Feb 14, 2023 - News

State lawmakers take aim at ticket sales with new bills

Illustration of a theater stage, with a dollar bill printed on the curtains.

Illustration: Brendan Lynch/Axios

New bills pending in the General Assembly would change the way concert tickets are sold in Tennessee.

  • The measures would limit the fees tacked onto ticket purchases and would seek to avoid an onslaught of surprise fees at checkout.

Why it matters: Nashville Democrats sponsoring the legislation say it is vital that Tennessee takes a leadership role in making sure the concert industry remains fair and transparent for fans and artists alike.

  • "We can’t be Music City if there are people who can’t access the music and the artists who produce it," state Rep. Caleb Hemmer (D-Nashville) tells Axios.

Driving the news: Hemmer says he was inspired to take action when his legislative assistant, like many other Taylor Swift fans, missed out on tickets for the artist's stadium tour after a chaotic pre-sale.

"This is a problem that Tennesseans want to have solved," Hemmer says.

  • "If there’s anything Democrats and Republicans can agree on, it's this is a market that's out of whack."

State of play: There are two Tennessee bills that seek to improve the ticket-buying process.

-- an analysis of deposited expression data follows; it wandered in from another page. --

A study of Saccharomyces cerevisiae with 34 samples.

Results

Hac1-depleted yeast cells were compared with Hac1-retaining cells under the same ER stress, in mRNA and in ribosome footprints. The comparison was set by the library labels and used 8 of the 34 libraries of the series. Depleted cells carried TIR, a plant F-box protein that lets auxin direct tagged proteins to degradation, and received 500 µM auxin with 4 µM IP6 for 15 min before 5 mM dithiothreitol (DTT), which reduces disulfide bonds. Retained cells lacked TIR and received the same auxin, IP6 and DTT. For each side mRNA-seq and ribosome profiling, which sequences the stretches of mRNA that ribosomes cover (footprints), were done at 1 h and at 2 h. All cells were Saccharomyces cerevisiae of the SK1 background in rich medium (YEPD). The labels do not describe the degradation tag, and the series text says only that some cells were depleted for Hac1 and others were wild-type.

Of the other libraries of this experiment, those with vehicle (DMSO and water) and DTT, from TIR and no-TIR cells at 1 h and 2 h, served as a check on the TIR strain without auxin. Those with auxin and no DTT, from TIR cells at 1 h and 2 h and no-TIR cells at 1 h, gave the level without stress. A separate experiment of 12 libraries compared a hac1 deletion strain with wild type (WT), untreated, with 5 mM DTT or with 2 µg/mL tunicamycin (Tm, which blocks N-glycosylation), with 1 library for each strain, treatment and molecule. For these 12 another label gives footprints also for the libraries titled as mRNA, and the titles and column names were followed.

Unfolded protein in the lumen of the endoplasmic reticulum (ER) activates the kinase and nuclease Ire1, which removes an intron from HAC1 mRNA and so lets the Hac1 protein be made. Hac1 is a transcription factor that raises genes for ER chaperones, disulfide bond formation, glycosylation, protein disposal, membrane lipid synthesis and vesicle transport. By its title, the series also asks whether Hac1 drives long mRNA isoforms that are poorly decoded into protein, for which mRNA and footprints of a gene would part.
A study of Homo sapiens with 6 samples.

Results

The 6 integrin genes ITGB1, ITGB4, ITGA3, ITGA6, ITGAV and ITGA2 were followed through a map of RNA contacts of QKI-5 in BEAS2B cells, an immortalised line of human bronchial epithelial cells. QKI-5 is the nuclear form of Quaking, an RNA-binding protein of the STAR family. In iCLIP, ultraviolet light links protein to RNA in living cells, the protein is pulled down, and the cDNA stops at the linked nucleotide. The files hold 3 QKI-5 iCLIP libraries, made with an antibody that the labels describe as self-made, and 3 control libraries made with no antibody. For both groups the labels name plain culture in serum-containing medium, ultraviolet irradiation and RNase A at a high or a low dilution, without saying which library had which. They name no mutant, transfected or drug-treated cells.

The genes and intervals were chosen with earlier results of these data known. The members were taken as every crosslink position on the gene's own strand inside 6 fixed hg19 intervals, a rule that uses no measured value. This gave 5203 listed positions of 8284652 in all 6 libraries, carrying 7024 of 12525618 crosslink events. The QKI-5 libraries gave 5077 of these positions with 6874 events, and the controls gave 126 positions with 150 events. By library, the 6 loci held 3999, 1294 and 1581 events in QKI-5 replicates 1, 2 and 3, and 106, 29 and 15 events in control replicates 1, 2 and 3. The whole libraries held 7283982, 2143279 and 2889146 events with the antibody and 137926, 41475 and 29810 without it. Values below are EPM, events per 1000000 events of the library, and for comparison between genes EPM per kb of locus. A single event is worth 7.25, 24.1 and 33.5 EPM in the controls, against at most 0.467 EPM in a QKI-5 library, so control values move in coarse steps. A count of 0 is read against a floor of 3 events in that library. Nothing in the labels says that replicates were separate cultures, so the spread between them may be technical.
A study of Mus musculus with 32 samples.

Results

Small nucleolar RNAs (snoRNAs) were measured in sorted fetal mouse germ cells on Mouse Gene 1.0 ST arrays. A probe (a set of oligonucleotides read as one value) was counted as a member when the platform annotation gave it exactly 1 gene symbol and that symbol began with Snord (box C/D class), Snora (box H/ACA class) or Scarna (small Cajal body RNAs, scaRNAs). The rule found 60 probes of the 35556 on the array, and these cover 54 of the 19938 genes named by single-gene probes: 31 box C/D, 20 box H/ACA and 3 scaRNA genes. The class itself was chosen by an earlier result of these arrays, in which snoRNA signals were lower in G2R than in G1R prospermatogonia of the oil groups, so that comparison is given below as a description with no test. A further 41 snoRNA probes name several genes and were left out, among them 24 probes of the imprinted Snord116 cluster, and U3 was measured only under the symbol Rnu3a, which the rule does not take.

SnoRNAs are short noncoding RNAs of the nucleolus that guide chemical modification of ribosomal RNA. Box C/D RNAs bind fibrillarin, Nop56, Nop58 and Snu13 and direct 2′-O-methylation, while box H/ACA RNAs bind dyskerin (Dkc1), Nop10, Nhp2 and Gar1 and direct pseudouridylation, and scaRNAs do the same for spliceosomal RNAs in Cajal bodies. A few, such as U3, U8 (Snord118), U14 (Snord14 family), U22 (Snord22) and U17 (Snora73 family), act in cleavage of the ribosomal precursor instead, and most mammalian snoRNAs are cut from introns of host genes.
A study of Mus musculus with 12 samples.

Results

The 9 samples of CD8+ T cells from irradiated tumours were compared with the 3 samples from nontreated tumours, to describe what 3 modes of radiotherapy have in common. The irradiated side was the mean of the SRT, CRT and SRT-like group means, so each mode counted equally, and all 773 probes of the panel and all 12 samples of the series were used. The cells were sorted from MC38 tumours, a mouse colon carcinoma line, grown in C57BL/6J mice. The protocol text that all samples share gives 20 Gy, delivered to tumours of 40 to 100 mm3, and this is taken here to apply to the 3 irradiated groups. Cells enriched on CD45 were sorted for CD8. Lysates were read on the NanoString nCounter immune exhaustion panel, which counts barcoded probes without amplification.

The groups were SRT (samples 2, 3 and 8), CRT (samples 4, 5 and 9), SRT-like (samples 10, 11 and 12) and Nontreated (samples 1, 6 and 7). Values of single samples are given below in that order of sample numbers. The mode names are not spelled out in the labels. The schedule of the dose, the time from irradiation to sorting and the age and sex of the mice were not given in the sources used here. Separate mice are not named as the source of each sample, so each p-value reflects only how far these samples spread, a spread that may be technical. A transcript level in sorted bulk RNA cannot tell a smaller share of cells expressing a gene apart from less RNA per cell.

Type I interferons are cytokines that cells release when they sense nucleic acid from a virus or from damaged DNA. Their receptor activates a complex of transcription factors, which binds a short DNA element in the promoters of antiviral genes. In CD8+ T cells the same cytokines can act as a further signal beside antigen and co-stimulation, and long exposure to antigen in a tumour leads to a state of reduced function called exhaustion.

Hemmer says his bill, co-sponsored by state Sen. Heidi Campbell (D-Nashville), was designed to require ticket sellers to provide an itemized list up front that showed ticket costs along with additional fees.

  • Hemmer says the bill would also stop vendors from holding back more than 45% of available tickets for pre-sales. The goal is to ensure that there is still a chance to score a seat when tickets are available to the general public.

A second bill from Campbell and state Rep. Bo Mitchell (D-Nashville) would bar ticket vendors from adding fees that amount to more than 15% of a ticket's face value.

What she's saying: "We don't allow other industries to treat consumers this way," Campbell tells Axios. "The live entertainment market needs to provide the same level of customer service we expect from other industries."

The other side: In a Feb. 1 statement responding to federal scrutiny, Ticketmaster said it was ready to work with policymakers "on many common sense ticketing reforms."